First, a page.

Back-to-school season is upon us, and districts in many states have unveiled plans for trying to safelythis fall amid coronavirus spikes. While some studies suggest that younger children are less susceptible to COVID-19, it’s still possible that they could infect teachers or relatives. That fear is leading many parents to explore home schooling for the first time.
About 3% of US students were home-schooled in the 2011-12 school year, according to the National Center for Education Statistics. But a poll taken in May of more than 2,100 parents found that 40% said they were more likely to home-school or virtual school after lockdowns. And states are reporting increases as well. Home school filings with the Nebraska Department of Education are up 21% over this time last year. So many North Carolina parents accessed the state portal for registering new home schools the first day it was open this month that it crashed.
“States are now releasing what they’re going to do for the fall, and I think many parents have decided that they’re not happy about what is being offered,” Kim said.
Home schooling is not the same as public school moving online, as many did in March due to the pandemic. Home schooling means that you’ve turned in a notice of intent to your child’s school district, which states that you’re no longer a part of the public school system and are taking charge of your child’s education on your own.
Whether you’ve already decided to home-school your child this academic year or if you’re still exploring your options, here are the six tips for getting started with home schooling.
Home schooling is legal in all 50 states. However, every state has different home schooling laws and requirements, which you can find on your state department of education’s website. You can also find a list of laws by state on the site A2Z Homeschooling. These might include hours, subjects and testing.
2. Search for home school groups
You’ll find both national and local groups on Facebook — just search for “home schooling” and your town or county. If you already know someone in your area who home-schools, ask them for help, too. Many areas have home school pods or co-ops where you can pair up with other families for lessons. This might look different due ot COVID-19, but may still exist in some form — perhaps outdoor, socially distanced classes.
Finding a home school community in your area can help you with just about everything — navigating curriculum options, setting up a schedule and just figuring out what you’re doing. It also potentially gives you the opportunity to share the teaching burden with others, and give your kids some social time.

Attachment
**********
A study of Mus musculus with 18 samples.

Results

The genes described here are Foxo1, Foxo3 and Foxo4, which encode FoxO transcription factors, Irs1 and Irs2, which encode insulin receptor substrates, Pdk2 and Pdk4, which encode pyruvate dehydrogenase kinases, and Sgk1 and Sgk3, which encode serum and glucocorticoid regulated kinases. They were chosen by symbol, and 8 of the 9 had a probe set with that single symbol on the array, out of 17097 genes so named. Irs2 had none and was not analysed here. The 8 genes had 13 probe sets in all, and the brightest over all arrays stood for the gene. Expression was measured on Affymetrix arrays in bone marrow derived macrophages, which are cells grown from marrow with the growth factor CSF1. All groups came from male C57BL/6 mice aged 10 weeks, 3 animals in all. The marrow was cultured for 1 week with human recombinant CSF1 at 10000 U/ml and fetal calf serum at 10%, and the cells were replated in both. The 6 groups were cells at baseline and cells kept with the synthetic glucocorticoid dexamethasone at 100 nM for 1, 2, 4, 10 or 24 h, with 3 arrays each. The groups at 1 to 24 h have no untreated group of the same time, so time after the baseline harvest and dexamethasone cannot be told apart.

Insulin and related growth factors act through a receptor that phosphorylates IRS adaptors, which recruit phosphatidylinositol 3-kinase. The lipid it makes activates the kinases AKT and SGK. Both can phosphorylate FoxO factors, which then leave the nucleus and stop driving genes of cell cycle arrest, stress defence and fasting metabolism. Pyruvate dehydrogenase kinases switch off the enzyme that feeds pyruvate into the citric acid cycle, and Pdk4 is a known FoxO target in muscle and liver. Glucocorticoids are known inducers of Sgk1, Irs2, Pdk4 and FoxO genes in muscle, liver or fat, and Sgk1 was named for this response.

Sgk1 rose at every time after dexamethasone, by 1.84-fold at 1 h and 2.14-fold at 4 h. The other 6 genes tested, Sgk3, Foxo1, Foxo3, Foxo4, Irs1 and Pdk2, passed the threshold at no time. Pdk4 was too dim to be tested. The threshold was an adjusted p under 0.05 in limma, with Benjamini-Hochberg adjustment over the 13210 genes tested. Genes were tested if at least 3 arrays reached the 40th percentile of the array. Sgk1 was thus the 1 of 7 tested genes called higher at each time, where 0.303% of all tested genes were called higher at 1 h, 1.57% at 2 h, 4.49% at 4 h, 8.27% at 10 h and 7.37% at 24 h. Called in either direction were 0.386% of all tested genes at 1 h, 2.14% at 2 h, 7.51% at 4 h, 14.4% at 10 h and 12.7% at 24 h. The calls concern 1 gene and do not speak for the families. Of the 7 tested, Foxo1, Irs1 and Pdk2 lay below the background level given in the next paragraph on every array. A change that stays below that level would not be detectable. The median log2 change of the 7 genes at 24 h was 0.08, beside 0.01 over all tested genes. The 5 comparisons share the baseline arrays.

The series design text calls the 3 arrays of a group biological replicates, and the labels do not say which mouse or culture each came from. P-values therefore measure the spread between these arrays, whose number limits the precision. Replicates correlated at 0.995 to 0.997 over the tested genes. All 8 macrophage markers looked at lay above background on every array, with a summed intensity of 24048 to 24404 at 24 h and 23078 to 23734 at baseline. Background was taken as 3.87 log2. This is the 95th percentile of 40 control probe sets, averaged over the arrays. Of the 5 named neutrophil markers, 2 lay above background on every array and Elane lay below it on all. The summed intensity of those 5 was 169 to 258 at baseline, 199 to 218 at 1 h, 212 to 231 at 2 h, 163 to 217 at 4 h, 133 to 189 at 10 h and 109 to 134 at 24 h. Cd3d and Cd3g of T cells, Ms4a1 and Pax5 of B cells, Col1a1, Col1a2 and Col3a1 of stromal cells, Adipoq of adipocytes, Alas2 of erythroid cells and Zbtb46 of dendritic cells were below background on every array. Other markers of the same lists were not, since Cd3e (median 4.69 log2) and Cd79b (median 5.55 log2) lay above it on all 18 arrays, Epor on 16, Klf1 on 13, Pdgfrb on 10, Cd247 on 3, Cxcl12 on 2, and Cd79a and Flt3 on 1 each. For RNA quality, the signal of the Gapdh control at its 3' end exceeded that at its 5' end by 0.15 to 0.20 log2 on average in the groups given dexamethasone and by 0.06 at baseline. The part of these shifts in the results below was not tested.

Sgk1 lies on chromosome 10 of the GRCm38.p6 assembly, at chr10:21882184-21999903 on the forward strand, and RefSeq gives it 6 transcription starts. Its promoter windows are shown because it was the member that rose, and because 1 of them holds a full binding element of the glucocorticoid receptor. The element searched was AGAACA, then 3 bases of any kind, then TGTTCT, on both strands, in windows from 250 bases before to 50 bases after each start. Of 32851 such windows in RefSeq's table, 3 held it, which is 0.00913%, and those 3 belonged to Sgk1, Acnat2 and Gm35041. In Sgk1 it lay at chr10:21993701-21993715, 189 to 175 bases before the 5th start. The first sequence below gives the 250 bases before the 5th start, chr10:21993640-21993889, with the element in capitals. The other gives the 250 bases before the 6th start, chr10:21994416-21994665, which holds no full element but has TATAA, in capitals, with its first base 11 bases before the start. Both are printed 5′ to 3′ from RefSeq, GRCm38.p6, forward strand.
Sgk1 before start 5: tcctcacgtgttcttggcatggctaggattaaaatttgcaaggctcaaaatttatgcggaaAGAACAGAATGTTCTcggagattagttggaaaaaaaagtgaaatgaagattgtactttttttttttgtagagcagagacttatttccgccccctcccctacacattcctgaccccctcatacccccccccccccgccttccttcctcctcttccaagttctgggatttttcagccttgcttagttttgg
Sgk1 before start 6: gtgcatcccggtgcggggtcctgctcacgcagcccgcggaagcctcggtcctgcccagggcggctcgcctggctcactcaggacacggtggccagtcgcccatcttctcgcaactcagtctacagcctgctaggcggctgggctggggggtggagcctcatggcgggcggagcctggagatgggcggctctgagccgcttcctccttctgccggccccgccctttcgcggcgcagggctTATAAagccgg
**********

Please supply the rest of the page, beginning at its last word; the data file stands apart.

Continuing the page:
3. Choose a school space and a schedule
Decide where your home school space will be — ideally, somewhere where everyone can sit comfortably and concentrate. This might mean using the kitchen table, or putting desks in the basement, Kim said.
One of the perks of home schooling is that your schedule can be far more flexible than in a traditional school. If your kids are early risers, start the day earlier. Depending on their learning style, you may also be able to move more quickly through some lessons and free up time for afternoon activities, like visiting a park.
Searching for lessons online can be overwhelming — there are hundreds of options available. You can find boxes that provide books and curriculum materials for a whole year of a given subject, or fully online programs. What you choose should depend on your child’s learning style, and what you feel comfortable with as a parent teacher.
Many people take a hybrid approach, Kim said: A parent might teach reading and writing, and have their child take a math course online, along with “electives” like coding or a language.
Whatever blend you choose, you don’t have to spend much money on curriculum. On average, parents spend around $600 per year per child for materials. But there’s a very wide range: Some spend under $100, and others spend thousands, Ray said. You can definitely get by for relatively little cost: A lot of home school groups sell or trade used curriculum boxes, so you might get something that originally cost a couple of thousand dollars for just a couple of hundred.
You can find free or low-cost online courses on sites like Khan Academy, Varsity Tutors and Outschool.
5. Be flexible about home schooling
Home schooling offers you a great opportunity to take advantage of the world around you, Ray said. Say you notice a bird’s nest built in your backyard — you can throw out the science lesson you were planning for that day and instead pull out the Field Guide to North American Birds and pivot to learning about that together.
This might seem strange at first, but remember, “you do not need to recreate an institutional school in your home,” Ray said. “If you do, you’re going to miss out on many of the benefits of home-based education.”
6. Realize that it’s not going to be perfect
Keep your expectations in check, Kim said: Your child probably won’t master a new language or move up two levels of math in their first year of home schooling. Reading, writing and math are still the most important areas to focus on, she added. Plus, there will be a learning curve for both parents becoming comfortable as teachers, and kids getting used to their parents as teachers.
“Next year is going to be very strange for everyone, whatever you choose to do,” Kim said.
For more on coronavirus and education, check out these free or low-cost K-12 online classes and activities, classes to learn to code and how to help parents and students navigate education during COVID-19.